With many recent changes introduced to the rules of cricket by the International Cricket Council (ICC) it is evident that all teams playing International cricket need their fast bowlers to be able to bowl at 140 kph and above if they hope to take advantage of the rules that govern the ODI version of the game.
The introduction of two new balls in an ODI reduces the ability of spin bowlers to grip the ball and gain any purchase off the wicket and also negates reverse swing to a great extent due to the fact that each of the two new balls are only used for 25 overs in an innings.
Due to these reasons, Sri Lanka Cricket’s Fast Bowling Department has began paying special attention to developing emerging fast bowlers so that they can generate more pace. Since the conclusion of the 2014/15 season, a 15-member fast bowling squad has been undergoing training, beginning with a structured strength and conditioning program.
A great deal of emphasis has been placed on developing the core and back areas of players’ bodies as this is seen as essential to their craft and if strengthened adequately can give bowlers added power, making them more explosive.
National Fast Bowling Coach Champaka Ramanayake is spearheading this program conducted by the Coaching Department, working in close collaboration with other SLC fast bowling coaches.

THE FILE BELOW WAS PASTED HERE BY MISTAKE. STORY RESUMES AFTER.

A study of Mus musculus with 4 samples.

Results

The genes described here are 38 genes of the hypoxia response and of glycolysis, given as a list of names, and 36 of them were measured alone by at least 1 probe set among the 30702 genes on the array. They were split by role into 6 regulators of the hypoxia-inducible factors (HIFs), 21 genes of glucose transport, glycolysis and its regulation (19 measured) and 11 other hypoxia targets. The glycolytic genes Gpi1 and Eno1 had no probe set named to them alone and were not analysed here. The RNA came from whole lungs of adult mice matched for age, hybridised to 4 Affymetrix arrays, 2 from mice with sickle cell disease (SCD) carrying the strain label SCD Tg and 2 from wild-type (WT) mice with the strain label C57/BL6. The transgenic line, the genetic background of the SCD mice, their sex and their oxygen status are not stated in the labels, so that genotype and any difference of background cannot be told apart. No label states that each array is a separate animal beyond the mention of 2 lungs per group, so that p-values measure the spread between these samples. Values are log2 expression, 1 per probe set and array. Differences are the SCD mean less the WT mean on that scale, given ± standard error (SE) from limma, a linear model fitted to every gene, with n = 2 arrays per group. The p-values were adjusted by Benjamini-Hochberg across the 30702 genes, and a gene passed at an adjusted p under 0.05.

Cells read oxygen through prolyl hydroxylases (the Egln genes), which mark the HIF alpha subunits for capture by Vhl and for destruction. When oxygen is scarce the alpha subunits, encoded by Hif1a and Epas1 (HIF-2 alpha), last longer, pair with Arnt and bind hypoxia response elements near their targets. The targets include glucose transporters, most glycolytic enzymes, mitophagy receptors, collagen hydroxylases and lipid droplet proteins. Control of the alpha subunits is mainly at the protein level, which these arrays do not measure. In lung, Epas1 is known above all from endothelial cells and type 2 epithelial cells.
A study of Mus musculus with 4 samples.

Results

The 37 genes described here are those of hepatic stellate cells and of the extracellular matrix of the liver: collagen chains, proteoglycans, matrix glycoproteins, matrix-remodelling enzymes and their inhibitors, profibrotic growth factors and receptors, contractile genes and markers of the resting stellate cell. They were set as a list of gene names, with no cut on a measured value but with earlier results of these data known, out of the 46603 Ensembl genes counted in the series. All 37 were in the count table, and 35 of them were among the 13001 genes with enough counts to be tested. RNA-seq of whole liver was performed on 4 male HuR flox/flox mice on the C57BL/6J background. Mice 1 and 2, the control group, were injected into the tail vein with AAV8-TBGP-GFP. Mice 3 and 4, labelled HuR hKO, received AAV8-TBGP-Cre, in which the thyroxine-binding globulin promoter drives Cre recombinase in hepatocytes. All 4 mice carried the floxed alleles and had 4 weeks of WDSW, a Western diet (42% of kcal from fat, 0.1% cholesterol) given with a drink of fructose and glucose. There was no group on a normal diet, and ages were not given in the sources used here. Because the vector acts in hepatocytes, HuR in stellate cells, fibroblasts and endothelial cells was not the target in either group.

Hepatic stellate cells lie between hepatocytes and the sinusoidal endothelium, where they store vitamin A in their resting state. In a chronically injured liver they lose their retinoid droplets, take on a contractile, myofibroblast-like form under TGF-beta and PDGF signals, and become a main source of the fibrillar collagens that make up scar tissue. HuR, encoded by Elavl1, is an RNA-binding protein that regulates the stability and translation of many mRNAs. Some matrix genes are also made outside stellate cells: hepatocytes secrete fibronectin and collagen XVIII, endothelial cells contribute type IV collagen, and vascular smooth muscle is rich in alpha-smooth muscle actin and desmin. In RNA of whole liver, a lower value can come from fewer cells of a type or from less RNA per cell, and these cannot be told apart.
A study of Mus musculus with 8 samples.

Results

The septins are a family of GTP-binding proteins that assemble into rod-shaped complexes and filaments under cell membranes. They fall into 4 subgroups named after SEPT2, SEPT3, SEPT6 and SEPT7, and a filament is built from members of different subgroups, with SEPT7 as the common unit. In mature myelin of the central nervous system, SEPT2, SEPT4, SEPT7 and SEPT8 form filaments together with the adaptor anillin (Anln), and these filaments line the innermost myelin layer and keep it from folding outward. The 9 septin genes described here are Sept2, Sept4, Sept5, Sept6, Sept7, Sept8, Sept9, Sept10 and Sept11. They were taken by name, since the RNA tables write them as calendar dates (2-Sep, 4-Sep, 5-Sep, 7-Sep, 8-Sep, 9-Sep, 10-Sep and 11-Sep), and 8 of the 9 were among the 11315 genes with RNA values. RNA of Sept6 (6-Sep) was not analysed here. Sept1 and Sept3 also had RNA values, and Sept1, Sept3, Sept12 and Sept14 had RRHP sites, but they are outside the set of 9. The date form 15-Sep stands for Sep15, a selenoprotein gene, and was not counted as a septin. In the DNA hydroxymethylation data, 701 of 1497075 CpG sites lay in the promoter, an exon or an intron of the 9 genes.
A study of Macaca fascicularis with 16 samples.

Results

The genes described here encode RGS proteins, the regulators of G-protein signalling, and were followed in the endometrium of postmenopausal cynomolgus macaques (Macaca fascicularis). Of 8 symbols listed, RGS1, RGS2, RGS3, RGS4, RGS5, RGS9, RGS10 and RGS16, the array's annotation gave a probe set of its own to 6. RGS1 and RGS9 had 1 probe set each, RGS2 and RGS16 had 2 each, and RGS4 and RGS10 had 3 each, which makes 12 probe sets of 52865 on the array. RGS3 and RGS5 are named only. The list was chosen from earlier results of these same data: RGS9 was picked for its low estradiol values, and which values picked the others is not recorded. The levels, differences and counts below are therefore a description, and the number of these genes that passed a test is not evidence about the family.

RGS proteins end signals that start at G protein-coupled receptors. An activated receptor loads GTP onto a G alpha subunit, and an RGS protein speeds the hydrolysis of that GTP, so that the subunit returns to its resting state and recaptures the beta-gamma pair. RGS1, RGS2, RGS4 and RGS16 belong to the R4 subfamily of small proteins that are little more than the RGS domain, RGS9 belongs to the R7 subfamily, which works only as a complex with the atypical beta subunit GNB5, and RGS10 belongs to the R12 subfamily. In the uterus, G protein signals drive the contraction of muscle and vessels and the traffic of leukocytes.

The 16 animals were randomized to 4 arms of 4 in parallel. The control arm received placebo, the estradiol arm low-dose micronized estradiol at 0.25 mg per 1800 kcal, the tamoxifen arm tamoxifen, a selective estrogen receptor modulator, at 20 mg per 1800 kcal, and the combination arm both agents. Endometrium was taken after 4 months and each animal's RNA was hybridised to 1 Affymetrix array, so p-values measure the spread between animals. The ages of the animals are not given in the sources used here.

He is keen to see the performance of the bowlers who are currently undergoing this special training regime at the next domestic cricket season. All bowlers currently in training are subject to a monthly fitness test in an effort to monitor their progress and generate feedback to the respective bowler.
These tests are conducted by the SLC Strength and Conditioning Unit. The fast bowling squad is also given carefully-monitored meals and a monthly allowance by Sri Lanka Cricket and if the need arises, accommodation.
The program will run for six months, after which point all the bowlers will be released to represent their respective premier division clubs for the 2015/16 cricket season.
With the recent addition of reputed national trainer Michael Main to the department, it is believed that greater value will be added to the country’s fitness training methods in the strength and conditioning area through his input. It is hoped that in time this will help Sri Lanka bridge the gap between it and other countries such as Australia, England and South Africa.